Why Public School Would NEVER Work for Us

I can't speak for everyone, but public school would never work for my family. Here's why.

I can't speak for everyone, but I know this: Public school would NEVER work for my family. Here's why.


As I drove by an elementary school one day, the thought of sending my kids to school passed through my mind. Not that I want to send them. It was just a thought. 

I recalled the excitement of getting the kids ready for the first day of school. No sooner than I had that thought, I had another thought.


"We could never do the school thing." 


It simply wouldn't work for us. Here's why.


Early school mornings wouldn't work for my kids.

My children's broken circadian rhythms (body clocks) naturally cause them to sleep in the day and be up all night. That is their nature. Granted, we fight this natural inclination because it causes mood disorder issues.

We don't always win. OK, we rarely win. My kids would not make it to school on time - or even regularly - and I'd end up in court for attendance issues. It wouldn't be good. 


Late school days wouldn't work either.

Those ridiculously long school days would make my children miserable. In addition, if Lorelai is going to have mood problems, it's going to be in the afternoon. The afternoons are when I most closely watch her moods and food intake.

The thought of how school administration would handle this is a terrifying one.


At home, I am able to help her. I can tell what's coming and what needs to be done to help. They simply can't do that for her. 

  • They don't understand bipolar disorder
  • They don't know my child. 
  • It's impossible for teachers to learn about the subtleties of every child's illness.



I have children who have dyslexia and dyscalculia.

Schools do not accommodate for this particular problem. There are no systems in place to help them. I know because I've been down this road with my son. Dyslexia must be navigated, and schools simply have no time for that.

Then there's the dyscalculia. Not only are there no systems in place for that, but there is no way to fix it or even navigate it. What happens to the person stuck on 3rd grade math when he is 12 years old? 16?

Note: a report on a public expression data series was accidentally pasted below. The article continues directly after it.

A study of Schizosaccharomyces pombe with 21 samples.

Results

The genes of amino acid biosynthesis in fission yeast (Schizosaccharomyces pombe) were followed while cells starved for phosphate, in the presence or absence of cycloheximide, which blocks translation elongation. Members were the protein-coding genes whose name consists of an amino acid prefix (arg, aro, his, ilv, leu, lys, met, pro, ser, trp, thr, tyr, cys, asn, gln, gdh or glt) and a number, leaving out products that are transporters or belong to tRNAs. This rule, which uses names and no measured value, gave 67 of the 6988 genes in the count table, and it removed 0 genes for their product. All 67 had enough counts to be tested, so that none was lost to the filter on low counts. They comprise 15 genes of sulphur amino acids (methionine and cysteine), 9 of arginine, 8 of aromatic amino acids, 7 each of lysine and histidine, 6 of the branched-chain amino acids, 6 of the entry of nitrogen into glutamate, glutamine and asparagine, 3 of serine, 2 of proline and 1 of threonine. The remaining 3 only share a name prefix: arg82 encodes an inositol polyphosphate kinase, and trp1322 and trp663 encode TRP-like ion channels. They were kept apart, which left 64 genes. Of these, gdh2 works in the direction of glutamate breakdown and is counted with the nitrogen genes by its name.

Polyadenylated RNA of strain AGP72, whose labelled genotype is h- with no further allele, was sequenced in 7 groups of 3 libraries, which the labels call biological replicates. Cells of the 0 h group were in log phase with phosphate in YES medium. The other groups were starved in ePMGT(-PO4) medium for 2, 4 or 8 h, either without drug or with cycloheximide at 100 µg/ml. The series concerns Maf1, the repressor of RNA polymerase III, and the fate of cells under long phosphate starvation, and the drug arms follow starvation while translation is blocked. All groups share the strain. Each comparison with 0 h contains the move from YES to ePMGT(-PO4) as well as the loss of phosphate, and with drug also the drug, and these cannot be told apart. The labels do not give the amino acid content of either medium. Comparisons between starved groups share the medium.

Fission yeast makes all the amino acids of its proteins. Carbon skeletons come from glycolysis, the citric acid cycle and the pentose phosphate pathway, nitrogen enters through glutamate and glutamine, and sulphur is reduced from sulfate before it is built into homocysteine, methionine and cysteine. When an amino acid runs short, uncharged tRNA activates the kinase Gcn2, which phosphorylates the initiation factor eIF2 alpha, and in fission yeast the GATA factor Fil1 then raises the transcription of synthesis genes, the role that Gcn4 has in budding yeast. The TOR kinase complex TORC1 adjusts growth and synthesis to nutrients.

The schools flunk them, ignore them, or push them forward to the next grade, not expressing any concern for them. I begged for help for my son and they told me "We don't have help for that."

I can't fix the dyscalculia at home either. The difference is that I know what my daughter has. I know what she can and can't do. I don't prevent her from moving forward in her education based on that one problem. Like all homeschool subjects, I personalize her lessons to what she can do.


My teenager would be bullied in a public school setting.

Alexis is different. I don't say that in a negative way. She is who she is and I love that. However, the atmosphere of public school does not allow kids to be themselves. It demands conformity and I don't see her doing that.

She keeps her hair short (Japanese style), she's very into fandom/geek stuff, and has no interest in boys. Yes, she's 16, but she has strict morals about dating and marriage. Sure, she may think a boy is cute, but she doesn't get all silly about it. She's very balanced in her views and strong in her convictions. I think even peer pressure about dating wouldn't work on her. 


And I can imagine the names she would be called simply because she's not all about the boys. It would be ugly and hurtful.


Like all kids, my kids learn at their own pace.

My kids are like anyone else's kids. They have their own learning styles, strengths, and weaknesses. The difference for my kids is that they are homeschooled. I can adjust anything and everything for them. 

-If I have a 5th grader who is reading on a 3rd grade level, I can work with that child.
-If I have a 3rd grader who is doing 9th grade math, I can work with that child.
-If one child is working on various levels in various subjects, well I can work with that, too. 

The school can not offer that to my children. My kids would be required to fit into the box. My kids have never even seen the box! 

No, public school would certainly never work for my children. I'm OK with that. It's not their job to do what's best for my kids. 


That's my job.



I can't speak for everyone, but I know this: Public school would NEVER work for my family. Here's why. #homeschool #homeschooling



Happy Homeschooling!

5 comments

  1. There's no way public school would work for my daughter either. She has DiGeorge Syndrome(Primary Immunodeficiency) She was never in public school, always homeschooled. That's the path my husband took and wanted her to take and I thank God for it everyday.